Wireless Mics Threatened in U.K. DTV Transition

BBC News reported the United Kingdom's Spectrum plan threatens radio mics. It notes that Ofcom, the telecommunications regulator in the U.K., is considering auctioning off TV white space to the highest bidder as part of the digital switchover. However, as BBC News notes, this spectrum is used by theaters, festival organizers and broadcasters that rely on "radio mics." Its experts say that even if the radio mics can still operate, spectrum sharing could lead to major interference problems.

Brian Copsey, secretary of the Association of Service Providers, the organization that obtains spectrum for the entertainment industry, says in the story, "Ofcom needs to have a serious discussion with parties involved in using radio mics and find a way of achieving a sensible outcome. It is important to the whole U.K. economy. West End theatre sees 12.5 million visitors each year and not one of those shows work without radio mics."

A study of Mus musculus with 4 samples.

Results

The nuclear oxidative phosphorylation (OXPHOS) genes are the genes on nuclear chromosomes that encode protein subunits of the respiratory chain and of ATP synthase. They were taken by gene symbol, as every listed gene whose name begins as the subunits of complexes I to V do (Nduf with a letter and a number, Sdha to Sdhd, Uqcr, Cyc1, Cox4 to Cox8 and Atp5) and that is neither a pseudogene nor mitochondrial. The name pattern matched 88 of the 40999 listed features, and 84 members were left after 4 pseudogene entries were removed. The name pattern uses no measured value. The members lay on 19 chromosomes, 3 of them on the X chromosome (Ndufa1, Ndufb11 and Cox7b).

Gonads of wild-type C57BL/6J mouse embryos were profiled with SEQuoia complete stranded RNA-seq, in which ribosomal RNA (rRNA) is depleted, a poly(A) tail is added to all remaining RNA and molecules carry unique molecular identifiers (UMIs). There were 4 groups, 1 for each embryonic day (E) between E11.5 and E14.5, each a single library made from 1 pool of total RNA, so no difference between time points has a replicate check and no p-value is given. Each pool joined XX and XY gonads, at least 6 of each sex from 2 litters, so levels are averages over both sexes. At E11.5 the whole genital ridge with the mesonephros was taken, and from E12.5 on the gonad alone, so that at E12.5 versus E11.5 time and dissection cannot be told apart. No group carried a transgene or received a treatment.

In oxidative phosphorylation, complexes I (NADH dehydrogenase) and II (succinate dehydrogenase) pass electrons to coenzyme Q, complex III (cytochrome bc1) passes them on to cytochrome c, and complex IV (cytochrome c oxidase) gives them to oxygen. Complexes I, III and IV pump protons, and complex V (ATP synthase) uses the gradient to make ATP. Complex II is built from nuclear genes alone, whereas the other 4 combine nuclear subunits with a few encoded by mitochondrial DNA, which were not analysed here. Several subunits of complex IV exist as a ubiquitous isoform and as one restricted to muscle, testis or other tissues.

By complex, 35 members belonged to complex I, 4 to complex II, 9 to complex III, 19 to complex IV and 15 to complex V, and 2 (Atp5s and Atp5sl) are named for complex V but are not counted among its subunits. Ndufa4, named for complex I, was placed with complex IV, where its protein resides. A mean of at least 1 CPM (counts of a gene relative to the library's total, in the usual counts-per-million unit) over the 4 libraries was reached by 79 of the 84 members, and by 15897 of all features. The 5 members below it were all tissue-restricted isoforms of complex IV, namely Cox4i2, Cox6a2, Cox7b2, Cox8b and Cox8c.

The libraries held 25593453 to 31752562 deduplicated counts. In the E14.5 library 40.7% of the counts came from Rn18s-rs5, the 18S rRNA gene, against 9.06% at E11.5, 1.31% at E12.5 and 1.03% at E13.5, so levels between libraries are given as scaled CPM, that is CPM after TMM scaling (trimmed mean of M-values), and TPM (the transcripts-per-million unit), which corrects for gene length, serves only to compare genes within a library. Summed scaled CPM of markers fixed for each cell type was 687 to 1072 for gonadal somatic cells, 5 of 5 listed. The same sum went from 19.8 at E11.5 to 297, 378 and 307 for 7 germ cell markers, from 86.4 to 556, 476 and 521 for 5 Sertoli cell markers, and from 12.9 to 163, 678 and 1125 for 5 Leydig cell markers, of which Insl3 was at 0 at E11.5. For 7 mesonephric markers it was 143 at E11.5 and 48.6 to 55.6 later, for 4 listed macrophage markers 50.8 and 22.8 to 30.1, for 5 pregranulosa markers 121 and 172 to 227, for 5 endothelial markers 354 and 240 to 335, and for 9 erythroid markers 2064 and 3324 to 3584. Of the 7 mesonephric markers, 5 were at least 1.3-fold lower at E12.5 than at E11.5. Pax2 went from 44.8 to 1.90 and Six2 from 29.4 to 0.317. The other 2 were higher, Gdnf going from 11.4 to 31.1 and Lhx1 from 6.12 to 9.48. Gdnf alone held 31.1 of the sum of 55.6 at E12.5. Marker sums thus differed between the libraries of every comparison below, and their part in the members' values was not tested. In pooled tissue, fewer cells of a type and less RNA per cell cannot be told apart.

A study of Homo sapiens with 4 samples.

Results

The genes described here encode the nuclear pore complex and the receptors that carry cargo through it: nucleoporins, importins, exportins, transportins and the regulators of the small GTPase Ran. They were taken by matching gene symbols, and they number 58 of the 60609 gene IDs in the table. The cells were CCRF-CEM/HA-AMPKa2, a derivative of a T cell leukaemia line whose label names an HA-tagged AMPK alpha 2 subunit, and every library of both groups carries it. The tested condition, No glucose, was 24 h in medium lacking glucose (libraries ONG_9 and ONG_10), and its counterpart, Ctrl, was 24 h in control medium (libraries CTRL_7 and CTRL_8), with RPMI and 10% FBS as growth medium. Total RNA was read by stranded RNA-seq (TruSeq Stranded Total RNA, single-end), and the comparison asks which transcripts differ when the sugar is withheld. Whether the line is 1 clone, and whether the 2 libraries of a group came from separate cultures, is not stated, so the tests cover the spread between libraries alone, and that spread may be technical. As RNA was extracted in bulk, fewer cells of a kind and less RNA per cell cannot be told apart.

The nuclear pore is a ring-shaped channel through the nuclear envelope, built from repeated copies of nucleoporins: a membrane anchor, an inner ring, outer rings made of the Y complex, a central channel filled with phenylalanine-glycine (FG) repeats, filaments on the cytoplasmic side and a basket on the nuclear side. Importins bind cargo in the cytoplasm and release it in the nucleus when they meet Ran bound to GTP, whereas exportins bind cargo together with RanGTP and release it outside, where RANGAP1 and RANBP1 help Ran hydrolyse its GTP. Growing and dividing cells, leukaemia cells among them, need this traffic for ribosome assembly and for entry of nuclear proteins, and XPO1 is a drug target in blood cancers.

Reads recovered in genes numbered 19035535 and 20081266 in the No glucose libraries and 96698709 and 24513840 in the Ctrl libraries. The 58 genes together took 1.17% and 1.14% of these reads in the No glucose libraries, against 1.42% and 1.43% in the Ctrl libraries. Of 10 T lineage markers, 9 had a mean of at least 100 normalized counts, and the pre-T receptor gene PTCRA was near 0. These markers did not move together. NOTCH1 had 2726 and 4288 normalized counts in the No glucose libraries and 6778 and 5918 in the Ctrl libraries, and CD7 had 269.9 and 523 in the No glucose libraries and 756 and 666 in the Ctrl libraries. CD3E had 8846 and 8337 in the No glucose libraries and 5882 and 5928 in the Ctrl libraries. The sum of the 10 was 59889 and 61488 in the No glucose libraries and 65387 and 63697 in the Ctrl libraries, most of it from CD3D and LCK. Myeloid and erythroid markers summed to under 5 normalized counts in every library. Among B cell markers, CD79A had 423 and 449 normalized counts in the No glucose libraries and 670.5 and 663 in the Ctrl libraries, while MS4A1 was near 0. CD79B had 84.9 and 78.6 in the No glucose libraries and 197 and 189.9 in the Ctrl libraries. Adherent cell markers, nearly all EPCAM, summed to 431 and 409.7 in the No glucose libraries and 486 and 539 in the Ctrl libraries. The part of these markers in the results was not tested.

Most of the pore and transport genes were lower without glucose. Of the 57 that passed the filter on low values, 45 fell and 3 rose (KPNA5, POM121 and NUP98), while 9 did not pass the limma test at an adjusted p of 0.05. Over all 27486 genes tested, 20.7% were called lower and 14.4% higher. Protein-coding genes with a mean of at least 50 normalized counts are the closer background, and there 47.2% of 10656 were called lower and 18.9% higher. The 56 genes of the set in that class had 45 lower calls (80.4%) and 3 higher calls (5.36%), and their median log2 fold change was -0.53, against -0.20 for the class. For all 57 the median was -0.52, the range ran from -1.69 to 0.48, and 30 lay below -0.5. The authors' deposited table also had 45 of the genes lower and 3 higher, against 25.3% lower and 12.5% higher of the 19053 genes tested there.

Regulators are pushing for adoption of digital mics, but Copsey said that is not a magic bullet.

An Ofcom spokesperson said, "Ofcom's objective is not to raise revenue for the Treasury but to make sure it is used to the full. Spectrum is an extremely valuable resource--like land or water." Ofcom said auctions are essential if spectrum is to be used to its full potential.

In the United States, users of wireless microphones have expressed concern about congressional and FCC efforts to allow unlicensed use of vacant TV channels. This could result in interference to wireless microphones used by broadcasters and production companies. As TV stations become more densely packed in the core TV channels after the Feb. 2009 shutdown, increased interference to wireless microphones is likely to become an issue, whether from TV stations moving to core-spectrum channels or other users moving into the out-of-core channels above channel 51, an area that is often used for wireless microphones today.